Locals spread kindness with painted rocks

August 18, 2017 chris
Share on FacebookShare on Google+Tweet about this on TwitterShare on LinkedIn

By Sarrah Peters, News Editor

Michelle Buck was out to dinner at Ruby Tuesday when she found her first painted rock sitting on a bench. It said “Hope.”

Buck had been having a challenging time, and the rock’s message resonated with her.

“I got goosebumps,” said Buck. “It just gave me that little uplift I needed. When you get something like that when you need it, it is very important to your spirit.”

“Every now and then you need a little something, a little inspiration, something just out of the blue,” Buck added. “You don’t get that often. You have to find that in God and pray, for patience and peace.”

The back of the rock said “Oxford Rocks, like us on Facebook.” So Buck searched for the Facebook group and found that people all over Oxford were painting and hiding rocks throughout town, often posting hints to the rock’s locations.

The next day, Buck journeyed to Oxford Lake, where someone had reported hiding rocks. While out, Buck noticed that friends and families were out having fun searching for rocks.

Buck decided to get involved, asking the Oxford Rocks page if she could start her own page for Gadsden. She created the Gadsden Rocks Facebook group, which is only one of many in the Etowah County area. Other Facebook groups include Attalla Rocks, Southside Rocks, Gadsden AL Rocks, Etowah AL Rocks #AL31 and Kindness Rocks Etowah County.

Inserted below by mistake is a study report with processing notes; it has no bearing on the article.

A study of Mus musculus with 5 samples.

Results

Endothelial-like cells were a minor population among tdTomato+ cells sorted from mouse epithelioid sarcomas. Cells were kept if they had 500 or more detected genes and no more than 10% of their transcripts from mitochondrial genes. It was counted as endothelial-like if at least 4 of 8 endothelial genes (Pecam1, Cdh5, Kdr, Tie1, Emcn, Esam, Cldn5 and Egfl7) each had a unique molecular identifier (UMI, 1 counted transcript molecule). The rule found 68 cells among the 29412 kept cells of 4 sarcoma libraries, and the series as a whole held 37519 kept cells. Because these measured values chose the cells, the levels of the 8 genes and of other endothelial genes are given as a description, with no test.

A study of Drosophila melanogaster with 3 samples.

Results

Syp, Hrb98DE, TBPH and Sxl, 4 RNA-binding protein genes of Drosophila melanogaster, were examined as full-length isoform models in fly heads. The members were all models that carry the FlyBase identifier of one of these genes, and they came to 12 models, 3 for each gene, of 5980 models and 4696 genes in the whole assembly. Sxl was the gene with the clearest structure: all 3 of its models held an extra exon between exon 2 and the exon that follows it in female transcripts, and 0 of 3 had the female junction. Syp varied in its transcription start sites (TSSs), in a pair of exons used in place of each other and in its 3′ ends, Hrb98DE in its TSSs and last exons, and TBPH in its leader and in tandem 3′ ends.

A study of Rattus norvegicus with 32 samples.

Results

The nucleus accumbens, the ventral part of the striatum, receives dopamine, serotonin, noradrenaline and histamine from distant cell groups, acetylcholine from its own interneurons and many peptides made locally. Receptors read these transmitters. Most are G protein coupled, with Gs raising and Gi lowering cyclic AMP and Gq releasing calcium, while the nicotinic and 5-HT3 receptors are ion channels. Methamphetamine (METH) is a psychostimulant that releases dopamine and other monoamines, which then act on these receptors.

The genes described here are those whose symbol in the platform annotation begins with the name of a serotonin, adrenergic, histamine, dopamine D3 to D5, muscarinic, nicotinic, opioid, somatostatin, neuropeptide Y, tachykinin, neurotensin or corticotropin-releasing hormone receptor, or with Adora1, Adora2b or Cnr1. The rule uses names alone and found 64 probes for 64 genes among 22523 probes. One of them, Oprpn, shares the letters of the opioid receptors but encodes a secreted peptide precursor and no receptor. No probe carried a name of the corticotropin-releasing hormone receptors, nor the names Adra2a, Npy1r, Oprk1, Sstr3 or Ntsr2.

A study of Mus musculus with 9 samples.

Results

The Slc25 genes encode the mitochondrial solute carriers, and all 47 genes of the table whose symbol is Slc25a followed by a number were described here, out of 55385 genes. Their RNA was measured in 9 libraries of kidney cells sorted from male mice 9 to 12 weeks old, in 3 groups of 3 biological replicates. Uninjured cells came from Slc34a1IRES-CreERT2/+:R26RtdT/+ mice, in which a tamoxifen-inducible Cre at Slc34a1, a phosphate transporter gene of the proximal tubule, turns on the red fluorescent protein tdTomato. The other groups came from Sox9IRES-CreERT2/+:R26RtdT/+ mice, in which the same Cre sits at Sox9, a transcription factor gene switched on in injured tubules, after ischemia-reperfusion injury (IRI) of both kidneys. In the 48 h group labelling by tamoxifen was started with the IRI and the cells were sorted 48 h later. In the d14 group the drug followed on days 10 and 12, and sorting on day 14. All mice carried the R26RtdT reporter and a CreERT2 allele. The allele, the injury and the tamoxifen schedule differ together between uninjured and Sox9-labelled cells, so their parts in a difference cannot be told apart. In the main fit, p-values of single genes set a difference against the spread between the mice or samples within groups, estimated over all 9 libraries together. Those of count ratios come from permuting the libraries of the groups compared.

Anyone can participate with the rocks, either by painting, hiding or searching for rocks.

“You don’t have to be an artist,’ said Buck. “You don’t have to be good. You just paint your rocks, whatever you want to express yourself, and hide them.”

Buck often paints inspiring messages on her rocks, remembering how the message of hope on a rock helped her during a difficult time. “Smile,” This 2 Shall Pass,” “Laugh,” “Love” and “Slow Down, Be Patient” are some of the messages she has painted on the rocks. Strawberries, pineapples, bees, flowers and monsters are just a few of the designs she has painted. Other rock artists paint cartoon characters, disease awareness messages, landscapes and much more.

  Buck hid her first batch on Broad Street in downtown Gadsden, after asking for permission from Downtown Gadsden Inc. Director Kay Moore.

“I feel like Broad Street is a quaint little place,” said Buck.

Buck has since returned to hide more rocks on the street. She also likes to hide the rocks in parks, like Noccalula Falls Park. She carries rocks with her to place in parking lots and at gas station pumps, where she likes to leave her “Slow Down, Be Patient” rocks.

Buck requests that people hiding rocks do not put them inside stores, as someone picking up the rocks could resemble a shoplifter to security. Trespassing to hide or look for rocks is, of course,  not allowed, as it is illegal.

If you find a rock, Buck says that you can take it, rehide it or leave it where it is. 

Buck only began hiding rocks two weeks ago and has already heard and witnessed inspiring stories about how the rocks have helped people. Buck saw a lady find her “Smile” rock in the Wal-Mart parking lot, and immediately smiled.

Buck also related a story she read about a single mother who was having a bad day and found a rock that said “This too shall pass” while at the park with her son.

Buck does not know how the kindness rocks began, but through research has found that the rocks are being hidden throughout the United States.